Tuesday, 20 May 2014

How do we judge a great piece of animation?

Guilty....of not knowing The Twelve Principles of Animation
What are the criteria to apply to judge a good piece of animation? How do we critique an animator's work? Below are some of the things that we look for at Bucks when giving feedback to our students on their work. We don't pretend that this is an exhaustive list, but we think it's a pretty good start. Well-read animators will notice that these criteria have a lot to do with the Twelve Principles of Animation set out by Frank Thomas and Ollie Johnstone in their classic book - The Illusion of Life. Every student should own a copy, or at least check one out from the library.

The original Animation Bible
 1. Staging
Has the animator made good use of screen space? Is the shot well composed and clearly staged? Is it clear what is going on, and is the audience's eye led smoothly towards the important action?

Clear poses tell the audience what is going to happen. Source: The Illusion of Life
2. Poses
Are the character poses clear? Has the animator used nice clear silhouettes to make the action clear and unmistakeable?  Is there a good variety of poses?

3. Weight
Does the action feel like it has weight and balance, or does it feel light and floaty? Has the animator successfully created the illusion of weight?

4. Timing
Is the timing believable? Does it feel right, and is there a good variation between slow, careful movements and quicker, faster ones?

5. Anticipation

Has the animator used anticipation poses to create believable transitions from anticipation - action - to reaction? Good use of anticipation poses show the audience what the character is going to do.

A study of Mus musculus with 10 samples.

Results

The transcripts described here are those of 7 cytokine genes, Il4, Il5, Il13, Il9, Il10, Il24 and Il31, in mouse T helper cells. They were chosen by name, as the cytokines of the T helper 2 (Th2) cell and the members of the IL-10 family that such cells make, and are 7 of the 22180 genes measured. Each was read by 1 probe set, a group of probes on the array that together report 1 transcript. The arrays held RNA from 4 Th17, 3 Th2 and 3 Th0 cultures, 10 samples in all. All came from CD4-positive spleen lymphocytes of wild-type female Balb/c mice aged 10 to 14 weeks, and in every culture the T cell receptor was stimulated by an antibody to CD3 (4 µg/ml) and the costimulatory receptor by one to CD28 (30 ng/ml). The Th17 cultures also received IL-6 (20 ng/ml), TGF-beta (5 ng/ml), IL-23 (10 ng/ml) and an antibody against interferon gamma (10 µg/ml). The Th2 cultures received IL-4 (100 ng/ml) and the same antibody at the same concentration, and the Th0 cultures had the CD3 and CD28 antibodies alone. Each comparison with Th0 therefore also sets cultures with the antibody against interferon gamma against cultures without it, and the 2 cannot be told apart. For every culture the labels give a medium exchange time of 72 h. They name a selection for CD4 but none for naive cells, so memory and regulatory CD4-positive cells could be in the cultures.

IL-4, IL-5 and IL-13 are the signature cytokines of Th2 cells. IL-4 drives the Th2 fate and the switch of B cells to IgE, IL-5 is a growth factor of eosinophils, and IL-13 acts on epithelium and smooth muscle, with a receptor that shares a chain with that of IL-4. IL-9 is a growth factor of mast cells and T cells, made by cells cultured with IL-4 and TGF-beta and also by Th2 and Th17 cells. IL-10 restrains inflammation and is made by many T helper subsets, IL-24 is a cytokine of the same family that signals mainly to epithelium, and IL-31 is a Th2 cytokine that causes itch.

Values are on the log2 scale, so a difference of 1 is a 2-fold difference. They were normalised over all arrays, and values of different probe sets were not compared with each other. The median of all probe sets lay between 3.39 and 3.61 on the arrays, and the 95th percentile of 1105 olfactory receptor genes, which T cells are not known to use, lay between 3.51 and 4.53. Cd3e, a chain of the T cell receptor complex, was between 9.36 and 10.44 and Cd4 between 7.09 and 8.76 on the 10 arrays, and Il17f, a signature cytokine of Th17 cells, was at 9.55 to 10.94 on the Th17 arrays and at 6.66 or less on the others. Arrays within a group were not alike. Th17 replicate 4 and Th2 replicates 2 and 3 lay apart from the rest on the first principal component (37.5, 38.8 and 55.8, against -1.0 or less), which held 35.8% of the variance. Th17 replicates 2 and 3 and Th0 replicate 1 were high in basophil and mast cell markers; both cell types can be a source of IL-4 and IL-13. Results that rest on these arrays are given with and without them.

6. Breakdowns
Has the animator broken down the key poses successfully to create good breakdowns and in-betweens, as well as good key poses and extremes?

7. Flexibility and Overlapping action
Has the animator managed to create a sense of flexibility, using drag, follow through and overlapping action? Does the animation feel stiff or robotic?

Everything is a bouncing ball - always consider your path of action. Source: Animator's Survival Kit

8. Path of action and/or arcs:
Is there good use of arcs and paths of action, or is the motion choppy and broken? Has the animator understood how to create a smooth path of action?


where is the character looking? Source: Illusion of Life
9. Eye Direction
Does the audience know what the character is looking at? Are the eyes wandering around the screen, or can we tell what the character is supposed to be seeing? Are the eyelines clear? 

Facial expressions by Jacob Jensen. Image: DreamWorks

10. Facial expressions
Are the facial expressions clear? Do we know what the character is thinking and feeling? Can we tell what is going on behind the character's eyes?

11. Acting
Does the acting work? Does the audience understand what the character is thinking and feeling? Does the performance create character and a believable scenarios? Animators are actors, and must give a believable performance.
Animators are actors...with a pencil, or a mouse
12. Story
What is the story that the animator is telling, and is this clear? Does it come through, and is it interesting and engaging? Are we drawn in to the story, wanting to know more?

13. Thumbnails and Planning

Has the animator done thumbnail sketches, and are they following them? Good thumbnails should plan out the action clearly, and should indicate (roughly at least) how long the action will take, and what the timing will be.